Covid-19, the coronavirus, has touched all of us in many ways.  It has altered every aspect of our daily lives; shelter in place and social distancing are the phrases of the day.  Bars, restaurants, malls and movie theaters are all closed.  Schools and places of worship are closed as well.  Anxiety and stress levels are high.

As you are reading this on a baseball-related platform I am sure you are eagerly waiting for the resumption of baseball activities at both the Major and the Minor league level.  MLB suspended operations on March 12th and there is no known date as to when the season may start. 

Players and fans alike felt the sting of that decision but the safety of all is paramount.  Although disappointing on many levels, it was a necessary decision in accordance with the CDC’s guidelines.

Professional baseball players do not receive paychecks until the season starts.  As such, the Minor league players are affected the most due to the delay in the start of the season.  They have not received any compensation since last September and are unsure of when their next paycheck will come.

I recently spoke with two players about what they were going through and experiencing due to the suspension of the season.  I choose not to reveal their names so as to not cause them and their families any additional hardship.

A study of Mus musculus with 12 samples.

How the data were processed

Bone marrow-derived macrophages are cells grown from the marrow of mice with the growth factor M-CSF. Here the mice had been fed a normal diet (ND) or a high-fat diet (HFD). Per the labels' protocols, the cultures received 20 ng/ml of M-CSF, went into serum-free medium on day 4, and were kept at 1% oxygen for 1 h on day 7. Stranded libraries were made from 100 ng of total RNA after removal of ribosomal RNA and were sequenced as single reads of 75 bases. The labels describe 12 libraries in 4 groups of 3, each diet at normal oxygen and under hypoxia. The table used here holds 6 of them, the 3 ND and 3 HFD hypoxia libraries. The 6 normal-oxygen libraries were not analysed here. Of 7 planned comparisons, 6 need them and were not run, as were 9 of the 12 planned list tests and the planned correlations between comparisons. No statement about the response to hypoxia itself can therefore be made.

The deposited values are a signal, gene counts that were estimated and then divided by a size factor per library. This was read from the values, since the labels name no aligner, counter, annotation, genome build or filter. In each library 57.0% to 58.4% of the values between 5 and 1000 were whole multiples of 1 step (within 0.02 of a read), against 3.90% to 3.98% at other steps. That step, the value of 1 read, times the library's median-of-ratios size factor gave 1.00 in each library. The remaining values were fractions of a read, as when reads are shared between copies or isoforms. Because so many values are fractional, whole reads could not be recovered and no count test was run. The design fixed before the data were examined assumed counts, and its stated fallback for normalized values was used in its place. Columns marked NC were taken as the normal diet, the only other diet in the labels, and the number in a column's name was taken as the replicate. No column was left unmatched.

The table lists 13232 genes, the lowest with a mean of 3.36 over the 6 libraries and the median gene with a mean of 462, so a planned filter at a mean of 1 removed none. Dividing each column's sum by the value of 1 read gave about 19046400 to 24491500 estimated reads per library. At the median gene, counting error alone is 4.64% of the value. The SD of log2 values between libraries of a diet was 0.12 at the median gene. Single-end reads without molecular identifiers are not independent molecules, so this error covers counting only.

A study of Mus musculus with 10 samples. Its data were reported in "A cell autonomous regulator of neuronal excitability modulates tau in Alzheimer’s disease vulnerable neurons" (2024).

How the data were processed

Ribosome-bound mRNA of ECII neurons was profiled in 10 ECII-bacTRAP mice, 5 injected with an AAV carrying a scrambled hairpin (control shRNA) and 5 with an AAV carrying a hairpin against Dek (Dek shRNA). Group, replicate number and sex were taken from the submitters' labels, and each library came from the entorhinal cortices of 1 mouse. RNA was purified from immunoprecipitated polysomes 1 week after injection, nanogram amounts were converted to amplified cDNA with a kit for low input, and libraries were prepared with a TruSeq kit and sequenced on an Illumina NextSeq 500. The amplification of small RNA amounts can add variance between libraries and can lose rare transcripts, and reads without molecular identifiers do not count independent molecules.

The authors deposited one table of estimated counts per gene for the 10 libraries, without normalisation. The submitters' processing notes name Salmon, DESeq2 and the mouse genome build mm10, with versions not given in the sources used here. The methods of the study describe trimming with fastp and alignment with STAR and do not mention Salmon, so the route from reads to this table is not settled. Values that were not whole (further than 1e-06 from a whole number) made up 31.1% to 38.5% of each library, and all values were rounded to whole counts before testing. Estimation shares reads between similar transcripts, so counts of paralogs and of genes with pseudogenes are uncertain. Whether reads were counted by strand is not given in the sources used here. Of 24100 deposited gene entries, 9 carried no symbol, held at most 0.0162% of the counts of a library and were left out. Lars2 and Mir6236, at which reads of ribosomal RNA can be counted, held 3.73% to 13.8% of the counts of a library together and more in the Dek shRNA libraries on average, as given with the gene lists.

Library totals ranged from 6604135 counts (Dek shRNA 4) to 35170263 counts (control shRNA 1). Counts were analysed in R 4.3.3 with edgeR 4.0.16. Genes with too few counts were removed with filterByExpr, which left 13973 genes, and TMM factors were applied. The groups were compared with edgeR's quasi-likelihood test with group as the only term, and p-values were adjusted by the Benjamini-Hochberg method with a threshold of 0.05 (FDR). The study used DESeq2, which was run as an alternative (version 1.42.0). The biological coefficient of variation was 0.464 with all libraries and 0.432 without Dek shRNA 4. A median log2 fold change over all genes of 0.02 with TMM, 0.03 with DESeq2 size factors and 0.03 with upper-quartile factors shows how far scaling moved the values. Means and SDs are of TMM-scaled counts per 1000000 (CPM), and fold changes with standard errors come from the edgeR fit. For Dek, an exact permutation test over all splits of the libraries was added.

One of the players I spoke to relayed that he and his wife were “stuck” in Sarasota, Florida for four days until hopefully being able to return home.  His wife is a real estate agent in the state that they call home so they may have some income.  I personally would suspect that source of income will be unreliable in the short-term as social distancing and stay-at-home orders will make it impossible to show houses for sale.  Additionally, how many people are actually looking to buy a home when many are temporarily out of work and uncertain about what the future holds.

The second player was more vocal and sent me a tweet that he said, “is honestly exactly the way I feel”.

He added that he was, “messed with emotionally” by being told one night that he could go home.  He packed up and prepared to leave only to receive an e-mail the next morning telling him that he was not to leave Sarasota and that the facilities were closed.  Working out to try to stay in game shape became impossible at that point since he could not even retrieve his gear from the facility.

He found out that night that night that he was going to be allowed to home.  He and a teammate were sent to the airport the following morning at 4:30am and didn’t get a flight until five hours later.  So, in a span of
24 hours, he bounced from going home to stay put in Florida to now you can go home.

 He finished with this, “not getting paid is truly devastating to my wife and I.  She had to get the brakes on her car fixed the other day and today we woke up with less than $5 in our bank account and she doesn’t get paid until next Friday.”   It is “really hard and unfortunate” is how he ended the conversation.

Since I spoke to these players all of the Orioles’ offices and those of the affiliates have closed out of an abundance of caution.  Major League Baseball has promised payments to the minor league players, but it may not be enough to get through.

Workers at the Major League facilities are going to receive some compensation from the teams and MLB, but seemingly forgotten are the workers, broadcasters and team employees at the minor league level.

This pandemic may not make everyone sick but it is touching the lives of everyone in significant ways.